The European Medicines Agency (EMA) has revealed details of its plan to deal with the uncertainty and workload implications linked to the UK’s withdrawal from the European Union (EU) and the agency’s relocation.
“Preparing for the move, managing the necessary changes, and addressing challenges such as possible losses in skilled and experienced staff, in a proactive and efficient way requires considerable internal resources,” said Noel Wathion, EMA’s Deputy Executive Director and head of EMA’s Brexit task force. “With the business continuity plan we aim to ensure that the assessment of medicines is not disrupted and that patients in Europe continue to have access to high quality, safe and effective medicines.”
In May, EMA started to scale back on its so-called category 3 activities, thereby freeing up 43 staff by the end of 2017 who are focusing on the preparations for the UK’s withdrawal from the EU and EMA’s relocation.
The agency decided to stop work temporarily on three areas: the development of the European Medicines Web Portal, a new publicly available online information source on all medicines marketed in the EU; the e-submission project that will allow applicants to electronically submit documents linked to authorization requests for human and veterinary medicines; the development of a transparency roadmap for EMA that lays out future transparency measures; and participation in the benchmarking of medicines regulatory authorities in the EU as of 2018.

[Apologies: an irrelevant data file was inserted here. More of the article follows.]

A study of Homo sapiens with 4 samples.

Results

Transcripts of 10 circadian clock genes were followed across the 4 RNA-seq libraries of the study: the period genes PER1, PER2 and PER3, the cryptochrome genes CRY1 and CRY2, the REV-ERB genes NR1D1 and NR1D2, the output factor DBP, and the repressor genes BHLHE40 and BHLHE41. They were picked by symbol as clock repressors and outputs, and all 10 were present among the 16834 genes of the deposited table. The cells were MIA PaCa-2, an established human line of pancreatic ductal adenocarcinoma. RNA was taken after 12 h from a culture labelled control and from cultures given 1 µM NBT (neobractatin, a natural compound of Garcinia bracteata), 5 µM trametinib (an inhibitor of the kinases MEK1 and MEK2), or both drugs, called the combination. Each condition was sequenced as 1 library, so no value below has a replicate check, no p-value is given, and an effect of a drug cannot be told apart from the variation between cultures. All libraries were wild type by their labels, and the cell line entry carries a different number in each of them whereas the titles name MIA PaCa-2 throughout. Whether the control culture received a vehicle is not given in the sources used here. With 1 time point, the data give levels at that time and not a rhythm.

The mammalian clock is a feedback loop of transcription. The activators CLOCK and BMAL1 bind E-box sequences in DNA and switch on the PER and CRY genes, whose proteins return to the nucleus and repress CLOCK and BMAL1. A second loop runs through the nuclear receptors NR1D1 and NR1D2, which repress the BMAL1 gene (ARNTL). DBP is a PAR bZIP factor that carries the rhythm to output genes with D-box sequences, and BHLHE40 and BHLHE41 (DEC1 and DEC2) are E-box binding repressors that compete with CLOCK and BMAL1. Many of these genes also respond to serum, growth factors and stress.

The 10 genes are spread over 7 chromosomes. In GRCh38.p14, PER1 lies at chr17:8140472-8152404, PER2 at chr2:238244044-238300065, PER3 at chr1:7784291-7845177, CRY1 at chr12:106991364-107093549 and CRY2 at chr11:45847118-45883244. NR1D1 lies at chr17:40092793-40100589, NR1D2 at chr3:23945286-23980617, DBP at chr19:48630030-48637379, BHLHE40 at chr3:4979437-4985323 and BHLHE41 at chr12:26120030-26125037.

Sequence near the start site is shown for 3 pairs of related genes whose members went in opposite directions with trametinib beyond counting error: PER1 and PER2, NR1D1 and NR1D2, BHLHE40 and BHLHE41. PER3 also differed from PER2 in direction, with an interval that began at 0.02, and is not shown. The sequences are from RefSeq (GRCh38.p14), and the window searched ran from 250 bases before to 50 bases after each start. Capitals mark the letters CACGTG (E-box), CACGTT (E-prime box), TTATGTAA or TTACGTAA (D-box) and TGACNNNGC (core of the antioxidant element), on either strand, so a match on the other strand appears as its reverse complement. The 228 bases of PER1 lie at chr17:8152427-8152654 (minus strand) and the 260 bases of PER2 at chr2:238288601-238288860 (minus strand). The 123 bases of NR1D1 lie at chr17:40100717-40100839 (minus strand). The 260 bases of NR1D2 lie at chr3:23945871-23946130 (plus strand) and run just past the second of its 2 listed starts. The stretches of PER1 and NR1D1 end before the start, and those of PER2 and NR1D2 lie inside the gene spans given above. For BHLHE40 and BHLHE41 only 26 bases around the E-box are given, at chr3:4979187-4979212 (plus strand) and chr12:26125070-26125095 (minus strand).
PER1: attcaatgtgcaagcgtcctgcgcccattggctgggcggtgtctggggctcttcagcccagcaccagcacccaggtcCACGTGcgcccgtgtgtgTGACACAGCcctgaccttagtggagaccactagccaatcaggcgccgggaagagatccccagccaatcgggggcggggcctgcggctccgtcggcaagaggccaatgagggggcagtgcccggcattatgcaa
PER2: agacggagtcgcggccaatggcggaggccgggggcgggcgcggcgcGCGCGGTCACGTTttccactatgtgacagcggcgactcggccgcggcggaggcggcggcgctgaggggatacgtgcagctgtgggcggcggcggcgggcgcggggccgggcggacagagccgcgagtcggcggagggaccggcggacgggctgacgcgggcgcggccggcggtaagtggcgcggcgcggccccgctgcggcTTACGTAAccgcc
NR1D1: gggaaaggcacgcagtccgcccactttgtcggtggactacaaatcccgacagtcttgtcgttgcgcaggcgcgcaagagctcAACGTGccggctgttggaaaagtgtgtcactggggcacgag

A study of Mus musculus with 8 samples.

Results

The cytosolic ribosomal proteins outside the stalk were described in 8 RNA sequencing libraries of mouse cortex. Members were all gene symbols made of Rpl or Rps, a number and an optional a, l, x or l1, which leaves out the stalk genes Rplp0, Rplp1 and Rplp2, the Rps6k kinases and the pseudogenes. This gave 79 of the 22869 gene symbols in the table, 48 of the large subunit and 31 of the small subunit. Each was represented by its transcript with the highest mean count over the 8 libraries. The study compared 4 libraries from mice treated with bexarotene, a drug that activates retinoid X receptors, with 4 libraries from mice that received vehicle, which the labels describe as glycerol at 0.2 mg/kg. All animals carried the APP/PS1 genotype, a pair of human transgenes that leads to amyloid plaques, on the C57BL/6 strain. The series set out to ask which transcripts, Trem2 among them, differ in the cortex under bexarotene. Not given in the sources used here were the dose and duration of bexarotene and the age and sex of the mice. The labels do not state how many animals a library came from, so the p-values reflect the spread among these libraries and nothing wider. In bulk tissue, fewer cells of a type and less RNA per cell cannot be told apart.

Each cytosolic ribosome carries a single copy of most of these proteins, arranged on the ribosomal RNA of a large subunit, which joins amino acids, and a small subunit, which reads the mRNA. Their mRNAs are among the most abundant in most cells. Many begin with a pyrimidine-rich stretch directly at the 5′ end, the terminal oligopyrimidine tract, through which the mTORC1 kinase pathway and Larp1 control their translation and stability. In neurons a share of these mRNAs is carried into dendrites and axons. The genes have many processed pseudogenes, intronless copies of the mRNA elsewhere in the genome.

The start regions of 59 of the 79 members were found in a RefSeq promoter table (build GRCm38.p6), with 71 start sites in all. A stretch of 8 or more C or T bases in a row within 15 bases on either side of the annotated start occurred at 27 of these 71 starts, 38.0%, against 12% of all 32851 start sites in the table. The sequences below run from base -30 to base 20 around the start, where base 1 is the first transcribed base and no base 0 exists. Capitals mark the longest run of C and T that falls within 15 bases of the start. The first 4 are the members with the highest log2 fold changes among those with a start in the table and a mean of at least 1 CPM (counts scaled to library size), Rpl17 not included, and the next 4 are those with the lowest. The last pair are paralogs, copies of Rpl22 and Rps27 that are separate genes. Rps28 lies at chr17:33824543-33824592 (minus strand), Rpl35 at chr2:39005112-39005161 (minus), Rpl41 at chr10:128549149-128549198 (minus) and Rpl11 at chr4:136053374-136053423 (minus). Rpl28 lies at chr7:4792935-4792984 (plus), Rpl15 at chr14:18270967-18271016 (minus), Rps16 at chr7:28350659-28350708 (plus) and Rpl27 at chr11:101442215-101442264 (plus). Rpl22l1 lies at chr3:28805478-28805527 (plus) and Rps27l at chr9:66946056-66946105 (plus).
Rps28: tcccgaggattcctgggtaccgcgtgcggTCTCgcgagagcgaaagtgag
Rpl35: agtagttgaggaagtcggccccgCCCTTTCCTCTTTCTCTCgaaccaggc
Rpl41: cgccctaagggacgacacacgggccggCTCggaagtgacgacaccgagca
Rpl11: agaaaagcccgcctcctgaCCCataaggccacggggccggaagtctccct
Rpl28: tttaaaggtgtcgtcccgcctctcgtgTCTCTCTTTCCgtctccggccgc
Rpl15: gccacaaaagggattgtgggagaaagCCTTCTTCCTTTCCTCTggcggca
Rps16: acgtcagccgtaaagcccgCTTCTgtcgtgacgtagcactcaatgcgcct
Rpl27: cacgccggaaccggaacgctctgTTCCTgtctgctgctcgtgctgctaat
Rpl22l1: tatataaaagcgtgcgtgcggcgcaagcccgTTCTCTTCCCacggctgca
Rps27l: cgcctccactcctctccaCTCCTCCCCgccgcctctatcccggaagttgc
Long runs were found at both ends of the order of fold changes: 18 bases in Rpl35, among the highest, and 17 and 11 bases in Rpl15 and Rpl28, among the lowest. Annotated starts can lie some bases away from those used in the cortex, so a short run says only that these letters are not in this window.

In addition, EMA reduced the number of audits as well as some corporate governance and support activities. It has restricted participation of staff in external meetings or conferences and cut back on its own meetings and workshops.
According to the EMA statement, “These types of activities can be put on hold for some time to free up or channel resources into core activities that need to be maintained under any circumstances. However, mid-to-long-term EMA will need to analyze how long these activities can be put on hold before they start to seriously undermine the quality of the Agency’s work and its planning, and the expectations of stakeholders.”
Category 2 activities consist of the proactive publication of clinical data, and various initiatives aimed at promoting availability of medicines as well as some political priorities of the EU, such as EMA’s contribution to the fight against antimicrobial resistance or interactions with health technology assessment (HTA) bodies. These activities will be maintained for as long as possible, workload and staffing situation permitting, the agency continued.
Category 1 includes the highest priority activities that are either directly related to the assessment and safety monitoring of medicines or vital to maintaining the infrastructure of the European regulatory system for medicines, including for example the coordination of actions to protect the safety of patients, inspections across the EU or maintenance of the functionality, and security of critical IT applications.
“It is absolutely crucial to uphold these activities as any disruption would almost immediately have a detrimental effect on the health and well-being of citizens in Europe and would also jeopardize production and distribution of medicines in the EU,” noted the agency. “Further iterations of the business continuity plan will also take into account various scenarios for staff losses and how these may affect the delivery of category 1 and 2 activities. Unexpected higher, faster, or more permanent loss of staff as a consequence of the Agency’s relocation may lead to a situation in which EMA’s operations can no longer be maintained.”
EMA said it will provide further updates on the implementation of its business continuity plan as necessary.